Record multiple values at the same time in an array and compare values.
- Read through the pupil material in the LEGO® Education SPIKE™ App.
2. Engage (5 Min.)
- Use the ideas in the Ignite a Discussion section below to engage your pupils in a discussion relating to this lesson.
- Explain the lesson.
3. Explore (15 Min.)
- Have your pupils work in pairs to build the brain game model.
- Ask them to play the program in order to make sure that their model is working correctly. They should see that the Game Master is indicating the position of the red brick in a stack of bricks.
4. Explain (10 Min.)
- Ask your pupils to program the detection of a second red brick in a second stack of bricks (player 2).
- Make sure that your pupils understand and can explain the concept of an array.
5. Elaborate (15 Min.)
- Explain the memory game challenge and allow some time for your pupils to create their algorithms.
- Give feedback on each pupil's performance.
- In order to simplify the process, you can use the assessment rubrics that have been provided.
Ignite a Discussion
Start a discussion about the memory game and the importance of keeping your mind active. Ask relevant questions. Here are some examples:
- Why is it important to keep your mind active?
- What's an array?
- How will an array be used in our memory game?
- How can games improve older people's memories?
Have your pupils watch the video to see what they're about to do.
Split each team's building tasks in order to ensure that everyone is actively involved:
- Pupil A: Game Master’s Head
- Pupil B: Game Master’s Body
Using the Colour Sensor
Find out more about the Colour Sensor in the help section of the SPIKE App.
Brain Game Rules
The goal of this lesson is to create the code for a memory game.
Here are the rules:
- Player 1 feeds a stack of bricks to the Game Master, who records the sequence of colours in an array.
- Player 2 feeds another stack of bricks to the Game Master, who records the sequence of colours in a second array.
- The Game Master program compares the 2 arrays and lights up a pixel on a row to indicate where the colours of the 2 bricks match.
- Player 2 can reorder their bricks again in order to try and match the order of player 1's bricks.
Simplify this lesson by:
- Explaining the concept of an array by starting with an unplugged activity
- Playing the game using stacks of bricks with only 3 positions (instead of 5) to start with
Take this lesson to the next level by:
- Asking your pupils to improve the game in various ways (e.g. by using more than 3 colours or by changing the way the LED responds to a correct or incorrect colour sequence)
- Adding a function where player 2 only has 5 chances to guess the correct sequence
- Having your pupils explore different theories of ordered lists that are commonly used in computing
Teacher Observation Checklist
Establish a scale that suits your needs, for example:
- Partially accomplished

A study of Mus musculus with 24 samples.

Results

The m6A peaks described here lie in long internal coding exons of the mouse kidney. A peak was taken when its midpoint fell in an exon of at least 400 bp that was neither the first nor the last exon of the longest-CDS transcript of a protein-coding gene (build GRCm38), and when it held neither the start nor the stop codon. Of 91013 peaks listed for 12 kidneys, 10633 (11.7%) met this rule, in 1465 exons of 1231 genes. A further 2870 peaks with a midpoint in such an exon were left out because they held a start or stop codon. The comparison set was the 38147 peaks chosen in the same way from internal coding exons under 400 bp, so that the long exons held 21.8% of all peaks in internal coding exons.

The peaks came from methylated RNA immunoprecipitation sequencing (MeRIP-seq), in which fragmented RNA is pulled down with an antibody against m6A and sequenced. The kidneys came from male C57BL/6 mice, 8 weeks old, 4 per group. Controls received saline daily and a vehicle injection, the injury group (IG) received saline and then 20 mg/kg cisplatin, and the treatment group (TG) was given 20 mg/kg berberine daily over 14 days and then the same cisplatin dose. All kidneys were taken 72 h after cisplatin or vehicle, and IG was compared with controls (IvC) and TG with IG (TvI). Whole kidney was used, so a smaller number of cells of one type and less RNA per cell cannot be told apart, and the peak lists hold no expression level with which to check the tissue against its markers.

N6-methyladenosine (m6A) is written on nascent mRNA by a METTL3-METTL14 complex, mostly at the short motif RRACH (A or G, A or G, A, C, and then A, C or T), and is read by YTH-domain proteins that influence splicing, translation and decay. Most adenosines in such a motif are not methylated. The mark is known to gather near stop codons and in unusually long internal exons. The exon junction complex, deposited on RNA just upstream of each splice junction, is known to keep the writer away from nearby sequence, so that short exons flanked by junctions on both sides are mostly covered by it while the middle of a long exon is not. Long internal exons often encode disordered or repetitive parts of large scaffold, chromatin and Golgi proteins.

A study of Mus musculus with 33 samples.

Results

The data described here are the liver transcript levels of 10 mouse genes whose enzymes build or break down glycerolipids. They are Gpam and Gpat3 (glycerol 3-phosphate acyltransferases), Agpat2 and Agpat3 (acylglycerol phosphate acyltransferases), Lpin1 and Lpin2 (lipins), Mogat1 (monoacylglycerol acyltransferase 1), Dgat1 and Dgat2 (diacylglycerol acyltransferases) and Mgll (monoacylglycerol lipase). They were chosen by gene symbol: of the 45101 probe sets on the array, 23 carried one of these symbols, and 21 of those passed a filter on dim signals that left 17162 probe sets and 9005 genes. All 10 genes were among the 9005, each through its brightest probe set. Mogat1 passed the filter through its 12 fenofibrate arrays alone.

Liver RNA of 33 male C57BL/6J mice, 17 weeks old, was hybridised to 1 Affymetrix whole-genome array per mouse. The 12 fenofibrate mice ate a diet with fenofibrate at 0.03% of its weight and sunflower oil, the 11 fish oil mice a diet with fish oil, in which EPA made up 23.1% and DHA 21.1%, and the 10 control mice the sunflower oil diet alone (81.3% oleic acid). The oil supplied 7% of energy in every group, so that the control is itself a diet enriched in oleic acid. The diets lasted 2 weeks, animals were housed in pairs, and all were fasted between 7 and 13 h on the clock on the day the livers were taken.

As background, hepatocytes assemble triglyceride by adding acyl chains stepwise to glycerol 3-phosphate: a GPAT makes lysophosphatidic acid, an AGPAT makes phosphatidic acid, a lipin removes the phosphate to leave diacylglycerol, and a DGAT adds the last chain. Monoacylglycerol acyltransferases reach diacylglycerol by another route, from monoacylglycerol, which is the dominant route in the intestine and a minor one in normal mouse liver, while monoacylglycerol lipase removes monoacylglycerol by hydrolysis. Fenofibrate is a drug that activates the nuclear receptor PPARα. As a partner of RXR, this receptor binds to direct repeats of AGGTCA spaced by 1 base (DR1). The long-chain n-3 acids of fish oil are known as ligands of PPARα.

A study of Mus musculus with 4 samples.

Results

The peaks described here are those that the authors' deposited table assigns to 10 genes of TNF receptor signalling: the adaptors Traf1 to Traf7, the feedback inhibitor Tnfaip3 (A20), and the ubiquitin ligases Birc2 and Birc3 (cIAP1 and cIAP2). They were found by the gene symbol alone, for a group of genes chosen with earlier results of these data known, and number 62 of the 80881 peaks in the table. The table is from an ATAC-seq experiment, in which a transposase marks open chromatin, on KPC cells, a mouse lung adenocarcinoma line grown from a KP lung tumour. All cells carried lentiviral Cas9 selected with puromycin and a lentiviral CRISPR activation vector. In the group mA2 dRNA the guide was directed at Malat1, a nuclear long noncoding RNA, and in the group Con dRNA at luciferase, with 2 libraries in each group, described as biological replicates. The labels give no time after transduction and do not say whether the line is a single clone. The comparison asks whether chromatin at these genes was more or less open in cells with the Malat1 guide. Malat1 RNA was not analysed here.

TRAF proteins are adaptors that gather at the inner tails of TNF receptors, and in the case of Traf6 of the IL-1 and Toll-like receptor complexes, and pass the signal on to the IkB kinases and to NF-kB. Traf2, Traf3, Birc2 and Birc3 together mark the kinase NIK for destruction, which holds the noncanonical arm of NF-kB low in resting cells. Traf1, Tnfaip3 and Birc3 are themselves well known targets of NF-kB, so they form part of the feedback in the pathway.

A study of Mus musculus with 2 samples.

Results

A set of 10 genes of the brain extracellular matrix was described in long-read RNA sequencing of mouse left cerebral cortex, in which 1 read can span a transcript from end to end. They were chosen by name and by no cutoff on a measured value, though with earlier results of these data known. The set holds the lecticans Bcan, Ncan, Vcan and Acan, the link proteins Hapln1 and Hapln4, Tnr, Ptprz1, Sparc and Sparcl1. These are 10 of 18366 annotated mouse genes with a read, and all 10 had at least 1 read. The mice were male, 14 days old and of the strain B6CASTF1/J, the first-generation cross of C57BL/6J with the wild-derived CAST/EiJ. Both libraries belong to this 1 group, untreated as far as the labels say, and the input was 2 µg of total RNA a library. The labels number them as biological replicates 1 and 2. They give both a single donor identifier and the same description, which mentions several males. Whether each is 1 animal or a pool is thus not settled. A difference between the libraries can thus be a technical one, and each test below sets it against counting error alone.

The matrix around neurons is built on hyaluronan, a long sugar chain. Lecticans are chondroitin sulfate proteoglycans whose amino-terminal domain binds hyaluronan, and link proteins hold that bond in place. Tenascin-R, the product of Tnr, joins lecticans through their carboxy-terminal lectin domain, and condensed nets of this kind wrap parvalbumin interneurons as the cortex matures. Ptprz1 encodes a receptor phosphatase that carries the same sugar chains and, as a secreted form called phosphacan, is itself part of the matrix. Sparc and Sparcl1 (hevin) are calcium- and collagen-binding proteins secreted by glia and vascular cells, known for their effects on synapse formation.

- Fully accomplished
Use the following success criteria to evaluate your pupils' progress:
- The pupils are able to accurately describe the concept of an array.
- The pupils are able to create and use an array in their programs correctly.
- The pupils are able to use multiple arrays in their programs, comparing the value of each index.
Have each pupil choose the brick that they feel best represents their performance.
- Blue: I've used an array in my program.
- Yellow: I've created a second array in my program.
- Violet: I'm an array master! I can perform multiple operations on arrays. Give me any array challenge and I'll solve it!
Encourage your pupils to provide feedback to one another by:
- Having one pupil use the coloured brick scale above to score another pupil’s performance
- Asking them to present constructive feedback to one another so that they can improve their group’s performance during the next lesson
Language Arts Extension
To incorporate the development of language arts skills:
- Ask your pupils to prepare a presentation to explain the game, making sure that they correctly use technical terms. For example:
▷ Index of an array
Note: This will require additional time.
To incorporate the development of maths skills:
- Explore various statistics concepts.
▷ Collect bivariate data (e.g. time at which the game was played and the number of trials it took for the pupils to find the right sequence of colours and to investigate the relation between the values).
Note: This will require additional time.
The pupils who enjoyed this lesson might be interested in exploring these career pathways:
- Health Science (Allied Health)
- Healthcare Science (Medical and Health Careers)
- Health Science (Medical Assistant)
- Information Technology (Computer Programming)
- Science, Technology, Engineering and Mathematics (Science and Maths)
The pupils will:
- Explore ways of storing values in an array and use that information for a specific purpose
- Develop their ability to recognise patterns and create effective programs
LEGO® Education SPIKE™ Prime Set
CAS Computing Progression Pathways
Can identify similarities and differences in situations and can use these to solve problems (pattern recognition). (GE)
Programming and Development:
Selects the appropriate data types. (AL) (AB)
Data and Data Representation:
Distinguishes between data used in a simple program (a variable) and the storage structure for that data. (AB)
Designs criteria to critically evaluate the quality of solutions, uses the criteria to identify improvements and can make appropriate refinements to the solution. (EV)
Download, view or share as an online HTML page or a printable PDF.